A Swedish cultural complex, a Mallorca house made up of four white blocks and a renovated Turkish library are among the winners at 2016 World Architecture Festival awards. In the interior design category, a 1950s-style burger restaurant and a monochrome fashion boutique are among the winners at this year’s Inside festival awards.
Oliver Hernaiz Architecture Lab designed this house on the Spanish island of Mallorca as a series of white blocks, all oriented towards different viewpoints. Large windows offering views to suit the activities taking place in each block. The living-cum-dining room overlooks the sea, the kitchen points to the vegetable patch, and the bedrooms face the more private garden.
This Paris block contains six floors of apartments – three per floor – and every home boasts rooms orientated to face out to the street. The building has a shimmering facade of anodised aluminium, and a facade that steps back to create balconies.
Aiming to bring agriculture back to Shenzhen’s bay, Thomas Chung has created a huge floating field that brings together ducks, fish, aquaponics, algae cultivation and water filtering. The floating, plant-filled boxes create a new ecosystem in a former flour mill.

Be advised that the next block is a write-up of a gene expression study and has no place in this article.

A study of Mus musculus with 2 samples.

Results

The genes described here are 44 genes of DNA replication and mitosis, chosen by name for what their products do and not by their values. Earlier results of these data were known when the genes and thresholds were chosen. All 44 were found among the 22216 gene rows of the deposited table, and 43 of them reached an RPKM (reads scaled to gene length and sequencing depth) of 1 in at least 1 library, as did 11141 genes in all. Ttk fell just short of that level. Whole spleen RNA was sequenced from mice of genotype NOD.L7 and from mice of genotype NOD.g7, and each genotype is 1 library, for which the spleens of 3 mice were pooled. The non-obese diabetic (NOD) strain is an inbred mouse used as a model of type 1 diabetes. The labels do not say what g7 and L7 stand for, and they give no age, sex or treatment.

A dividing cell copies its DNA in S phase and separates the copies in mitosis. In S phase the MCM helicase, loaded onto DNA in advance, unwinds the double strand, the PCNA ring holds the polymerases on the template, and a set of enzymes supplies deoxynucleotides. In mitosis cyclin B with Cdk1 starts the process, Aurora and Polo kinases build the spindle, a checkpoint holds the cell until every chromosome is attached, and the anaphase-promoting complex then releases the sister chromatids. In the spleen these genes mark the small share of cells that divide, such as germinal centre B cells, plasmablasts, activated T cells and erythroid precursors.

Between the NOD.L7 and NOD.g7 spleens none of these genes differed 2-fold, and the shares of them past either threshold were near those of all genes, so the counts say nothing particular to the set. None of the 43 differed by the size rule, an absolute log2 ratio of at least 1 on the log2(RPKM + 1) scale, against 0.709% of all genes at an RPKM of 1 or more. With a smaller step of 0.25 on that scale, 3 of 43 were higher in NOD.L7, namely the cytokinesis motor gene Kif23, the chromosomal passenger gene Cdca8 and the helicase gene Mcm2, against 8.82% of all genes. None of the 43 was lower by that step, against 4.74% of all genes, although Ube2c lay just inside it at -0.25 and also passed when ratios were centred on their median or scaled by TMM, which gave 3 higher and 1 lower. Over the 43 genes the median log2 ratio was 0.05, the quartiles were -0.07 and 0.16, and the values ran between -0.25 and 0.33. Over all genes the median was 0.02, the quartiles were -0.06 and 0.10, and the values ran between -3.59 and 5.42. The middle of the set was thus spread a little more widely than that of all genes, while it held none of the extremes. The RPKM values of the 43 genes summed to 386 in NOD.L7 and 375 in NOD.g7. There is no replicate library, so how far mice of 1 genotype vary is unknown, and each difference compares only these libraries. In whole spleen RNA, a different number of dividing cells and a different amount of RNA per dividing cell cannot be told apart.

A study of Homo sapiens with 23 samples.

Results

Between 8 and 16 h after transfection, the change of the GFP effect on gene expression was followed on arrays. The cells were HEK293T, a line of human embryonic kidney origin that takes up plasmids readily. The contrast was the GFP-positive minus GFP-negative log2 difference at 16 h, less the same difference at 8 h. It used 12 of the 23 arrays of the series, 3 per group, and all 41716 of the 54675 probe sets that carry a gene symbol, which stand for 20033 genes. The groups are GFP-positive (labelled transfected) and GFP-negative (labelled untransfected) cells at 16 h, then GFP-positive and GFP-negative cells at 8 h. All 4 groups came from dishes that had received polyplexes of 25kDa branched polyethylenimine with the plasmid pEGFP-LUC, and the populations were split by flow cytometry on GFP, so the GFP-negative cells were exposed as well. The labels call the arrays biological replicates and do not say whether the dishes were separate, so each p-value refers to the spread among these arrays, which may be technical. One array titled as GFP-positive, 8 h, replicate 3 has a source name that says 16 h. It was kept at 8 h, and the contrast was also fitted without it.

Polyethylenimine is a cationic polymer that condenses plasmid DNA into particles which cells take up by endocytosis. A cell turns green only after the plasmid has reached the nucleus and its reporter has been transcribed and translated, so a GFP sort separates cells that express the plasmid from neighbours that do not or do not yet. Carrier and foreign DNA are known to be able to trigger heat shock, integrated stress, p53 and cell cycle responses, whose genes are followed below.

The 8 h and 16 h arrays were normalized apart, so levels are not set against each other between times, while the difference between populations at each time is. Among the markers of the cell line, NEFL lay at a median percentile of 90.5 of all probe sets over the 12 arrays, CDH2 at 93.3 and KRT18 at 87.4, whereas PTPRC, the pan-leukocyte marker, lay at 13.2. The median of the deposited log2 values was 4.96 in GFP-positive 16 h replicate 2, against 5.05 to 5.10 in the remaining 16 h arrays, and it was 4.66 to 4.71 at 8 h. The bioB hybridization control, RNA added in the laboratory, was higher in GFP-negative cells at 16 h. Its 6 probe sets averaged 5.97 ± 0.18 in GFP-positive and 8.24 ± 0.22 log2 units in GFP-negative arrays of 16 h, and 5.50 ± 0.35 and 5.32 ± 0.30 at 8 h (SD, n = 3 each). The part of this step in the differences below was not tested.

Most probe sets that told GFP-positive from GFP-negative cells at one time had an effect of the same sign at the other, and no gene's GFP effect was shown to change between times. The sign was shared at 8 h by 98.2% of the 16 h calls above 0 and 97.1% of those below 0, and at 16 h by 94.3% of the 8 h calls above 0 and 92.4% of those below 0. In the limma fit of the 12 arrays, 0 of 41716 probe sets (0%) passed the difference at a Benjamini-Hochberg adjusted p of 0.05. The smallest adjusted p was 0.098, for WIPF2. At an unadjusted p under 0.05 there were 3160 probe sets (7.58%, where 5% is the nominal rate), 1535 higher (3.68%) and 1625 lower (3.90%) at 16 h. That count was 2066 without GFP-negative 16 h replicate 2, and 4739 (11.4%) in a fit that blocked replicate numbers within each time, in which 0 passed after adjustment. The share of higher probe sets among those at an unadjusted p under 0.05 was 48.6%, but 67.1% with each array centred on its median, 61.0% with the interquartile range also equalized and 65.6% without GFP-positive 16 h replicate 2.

This monochrome fashion boutique has a black box at its centre, marking the location of a staircase connecting the two floors. Other details in the warehouse-like space include fan-shaped handrails, bespoke furniture elements and large mirrors.
Neri&Hu used bold tiles and stainless steel counter to make this Shanghai restaurant feel like a retro American diner. Envisaged as “a porous space”, the diner has an angular roof that projects over glazed walls, which can be completely folded away. Other details include custom lighting fittings and communal tables with pivoting benches.
This adaptive reuse project involved transforming the ground floor of a heritage building in Sydney into a series of 22 work suites.Walls are lined with timber, while new materials including tan leather, stone and brass help to differentiate between the new and old sections of the interior.